Disappointments, arguments and fights, feeling misunderstood and distant from one another, getting or giving the “silent treatment”—our clients and ourselves often find these dynamics woven into interactions with the family, friends and partners we love and care for.
Confused about which brand of couples therapy is most user-friendly (for both your clients and for you personally as a therapist)? Marital and couples therapies have evolved initially from religious-based spiritual counseling to Insight-Oriented Marital Therapy, the behavioral marital therapy of Richard Stuart, to the Gottman Method, and Hendrix’s Imago therapy, to Christensen and Jacobson’s Integrative Behavioral Couple Therapy, to today’s attachment-based “emotionally focused” therapies of Johnson and Greenspan, not to forget the sex therapy approaches of Perel and Schnarch, Tatkin’s Psychobiological Approach to Couples Therapy, and the application of Acceptance and Commitment Therapy to couples by Harris.
Contributing to the excitement and controversy over “branding” of couples therapy are debates involving developmental researcher Jerome Kagan, Ph.D. arguing against attachment theory’s efficacy in therapy versus attachment-oriented clinician Dan Siegel, M.D.
In this workshop, an alternate approach will be presented, minimizing technique and theory in order to enhance the therapist’s ability to be present and helpful to the couple in having deeper conversations about difficult experiences.
We will examine implications for couples therapy of Professor Richard Davidson’s (2016) “Four Constituents of Well-Being” (resilience, outlook, attention and generosity) which are supported by neuroscience.
The “re-pairing” model has developed empirically over many years of the presenter’s work with couples dealing with sexual and other intimacy problems, from a twenty year association with Hal Sampson, Ph.D., (who developed Control Mastery Theory with Joe Weiss, M.D. and wrote about “treatment by attitude”), as well as reflecting insights from Zen and Tibetan Buddhism.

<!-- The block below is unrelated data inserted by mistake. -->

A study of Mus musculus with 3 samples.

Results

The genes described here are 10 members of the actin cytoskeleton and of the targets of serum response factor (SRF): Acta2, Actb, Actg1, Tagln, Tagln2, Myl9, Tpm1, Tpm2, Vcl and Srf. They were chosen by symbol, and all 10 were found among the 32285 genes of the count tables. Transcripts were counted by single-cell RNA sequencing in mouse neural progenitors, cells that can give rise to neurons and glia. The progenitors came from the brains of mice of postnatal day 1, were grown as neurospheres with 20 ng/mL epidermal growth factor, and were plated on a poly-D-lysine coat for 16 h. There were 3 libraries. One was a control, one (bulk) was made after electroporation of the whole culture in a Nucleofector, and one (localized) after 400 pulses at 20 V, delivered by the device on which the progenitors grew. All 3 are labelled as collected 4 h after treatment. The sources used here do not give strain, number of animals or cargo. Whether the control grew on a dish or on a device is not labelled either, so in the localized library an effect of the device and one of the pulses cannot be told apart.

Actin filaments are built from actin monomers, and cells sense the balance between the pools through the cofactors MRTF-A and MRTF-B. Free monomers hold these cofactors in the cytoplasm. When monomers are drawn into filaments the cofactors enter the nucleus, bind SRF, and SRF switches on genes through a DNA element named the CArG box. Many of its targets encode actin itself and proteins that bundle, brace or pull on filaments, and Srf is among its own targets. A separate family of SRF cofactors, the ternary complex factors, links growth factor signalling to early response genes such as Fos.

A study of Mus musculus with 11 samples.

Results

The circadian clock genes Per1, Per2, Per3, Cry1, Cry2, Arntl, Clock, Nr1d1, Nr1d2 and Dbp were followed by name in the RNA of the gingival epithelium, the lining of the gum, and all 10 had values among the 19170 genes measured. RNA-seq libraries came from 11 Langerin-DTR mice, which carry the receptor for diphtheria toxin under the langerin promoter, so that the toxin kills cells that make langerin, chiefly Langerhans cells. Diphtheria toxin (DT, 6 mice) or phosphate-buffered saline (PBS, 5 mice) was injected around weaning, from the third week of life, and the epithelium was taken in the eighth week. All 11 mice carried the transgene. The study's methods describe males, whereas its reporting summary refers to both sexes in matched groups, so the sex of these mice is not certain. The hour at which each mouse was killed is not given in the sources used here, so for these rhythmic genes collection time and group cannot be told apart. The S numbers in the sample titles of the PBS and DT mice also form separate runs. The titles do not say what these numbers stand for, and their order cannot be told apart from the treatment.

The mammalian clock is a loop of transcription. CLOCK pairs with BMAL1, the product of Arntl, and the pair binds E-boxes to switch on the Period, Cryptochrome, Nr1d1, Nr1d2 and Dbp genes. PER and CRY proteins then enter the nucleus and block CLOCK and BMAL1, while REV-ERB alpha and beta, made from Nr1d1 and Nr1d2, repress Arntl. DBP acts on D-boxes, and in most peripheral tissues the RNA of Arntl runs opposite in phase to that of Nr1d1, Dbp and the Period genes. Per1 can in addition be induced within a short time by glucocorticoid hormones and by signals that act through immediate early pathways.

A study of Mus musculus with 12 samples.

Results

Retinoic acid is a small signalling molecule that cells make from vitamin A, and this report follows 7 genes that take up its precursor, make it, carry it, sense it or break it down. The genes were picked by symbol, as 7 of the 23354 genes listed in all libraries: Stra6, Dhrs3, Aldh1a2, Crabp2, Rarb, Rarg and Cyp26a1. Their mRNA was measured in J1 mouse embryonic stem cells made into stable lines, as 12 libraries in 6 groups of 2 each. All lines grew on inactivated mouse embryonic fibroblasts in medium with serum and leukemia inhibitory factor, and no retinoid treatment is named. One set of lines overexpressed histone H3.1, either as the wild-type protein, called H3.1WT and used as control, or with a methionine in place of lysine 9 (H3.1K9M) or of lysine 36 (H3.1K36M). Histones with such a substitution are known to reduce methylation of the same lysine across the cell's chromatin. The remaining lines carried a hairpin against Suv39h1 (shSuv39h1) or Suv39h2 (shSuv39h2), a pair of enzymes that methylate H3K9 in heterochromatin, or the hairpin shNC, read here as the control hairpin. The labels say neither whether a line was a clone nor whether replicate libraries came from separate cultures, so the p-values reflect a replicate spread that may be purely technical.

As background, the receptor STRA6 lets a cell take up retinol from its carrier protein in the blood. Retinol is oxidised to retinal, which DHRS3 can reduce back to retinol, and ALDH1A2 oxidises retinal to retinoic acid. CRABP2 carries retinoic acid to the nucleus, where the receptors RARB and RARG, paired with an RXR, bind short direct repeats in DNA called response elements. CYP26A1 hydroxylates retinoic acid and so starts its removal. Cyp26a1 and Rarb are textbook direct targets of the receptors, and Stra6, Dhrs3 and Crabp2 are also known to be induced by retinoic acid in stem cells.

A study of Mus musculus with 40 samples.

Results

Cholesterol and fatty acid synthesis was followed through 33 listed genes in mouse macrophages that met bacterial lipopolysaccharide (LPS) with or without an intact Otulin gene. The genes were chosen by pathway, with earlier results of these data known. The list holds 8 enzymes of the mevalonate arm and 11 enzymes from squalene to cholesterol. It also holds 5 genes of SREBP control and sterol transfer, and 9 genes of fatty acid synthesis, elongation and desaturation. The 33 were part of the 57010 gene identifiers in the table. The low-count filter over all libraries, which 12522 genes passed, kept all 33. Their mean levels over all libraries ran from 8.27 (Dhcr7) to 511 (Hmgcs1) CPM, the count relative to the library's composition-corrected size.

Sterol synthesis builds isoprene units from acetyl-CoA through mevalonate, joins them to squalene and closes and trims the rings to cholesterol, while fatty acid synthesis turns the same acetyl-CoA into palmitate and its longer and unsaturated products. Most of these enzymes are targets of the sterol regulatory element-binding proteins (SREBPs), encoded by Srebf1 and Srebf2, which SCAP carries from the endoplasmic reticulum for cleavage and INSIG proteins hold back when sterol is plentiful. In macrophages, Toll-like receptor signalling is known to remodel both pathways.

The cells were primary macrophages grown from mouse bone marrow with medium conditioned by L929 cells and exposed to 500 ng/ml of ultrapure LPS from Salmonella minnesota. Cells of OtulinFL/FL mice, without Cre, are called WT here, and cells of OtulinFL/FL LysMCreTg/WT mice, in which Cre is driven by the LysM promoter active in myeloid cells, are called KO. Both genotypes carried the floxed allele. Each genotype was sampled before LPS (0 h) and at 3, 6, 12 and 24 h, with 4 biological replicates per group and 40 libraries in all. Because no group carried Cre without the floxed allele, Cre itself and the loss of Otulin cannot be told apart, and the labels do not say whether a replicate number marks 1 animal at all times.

In addition to case discussion, we will use group and dyadic exercises and brief personal writing to help us become more present and to increase resilience after reactivity and defensiveness. The gifts of embracing disappointments with those we are closest to can be a deepened understanding of self and other, of connection, and heightened wisdom and compassion.
At the end of this class, participants will be able to:
Describe various theoretical approaches to couples therapy.
Describe steps to setting the frame for couples work.
Describe how to turn blame into compassion.
List three steps helpful in getting couples into more forgiveness.
List three concepts from Buddhism helpful for couples therapists.
About David Bullard, Ph.D.:
David has had a psychotherapy practice in San Francisco with individuals and couples for over 35 years. He is clinical professor in medicine and in medical psychology (psychiatry) at UCSF, where he meets with the Symptom Management Service (outpatient palliative care staff) of the Helen Diller Family Comprehensive Cancer Center, and with the Professional Advisory Group of Spiritual Care Services.
David’s recent presentations have included ones for the San Francisco Psychological Association and for the San Francisco Zen Center (with Susan O’Connell, SFZC president); with Robert Thurman, Ph.D., (noted scholar, author and founder of TibetHouse.US); Thupten Jinpa, Ph.D., long-time translator and editor for His Holiness the Dalai Lama; and with Isa Gucciardi, Ph.D., of the Foundation of the Sacred Stream (Berkeley).
David’s interviews (published online at psychotherapy.net ) with Mark Epstein, MD; Allan Schore, Ph.D.; Bessel van der Kolk, MD. Thupten Jinpa, Ph.D.; Robert Thurman, Ph.D.; and Lonnie Barbach, Ph.D. can be found at:
His latest publication (with the late Harvey Caplan, M.D. and Christine Derzko, M.D.) is "Sexual Problems" in M.D. Feldman & J.F. Christensen (Eds.), Behavioral medicine: A guide for clinical practice, 4th ed. New York: McGraw-Hill Medical, 2014.
CPA is co-sponsoring with SCCPA. The California Psychological Association is approved by the American Psychological Association to sponsor continuing education for psychologists. CPA maintains responsibility for this program and its contents.
Important Notice: Those who attend the workshop and complete the CPA evaluation form will receive 4 continuing education credits. Please note that APA CE rules require that we only give credit to those who attend the entire workshop. Those arriving more than 15 minutes after the start time or leaving before the workshop is completed will not receive CE credits.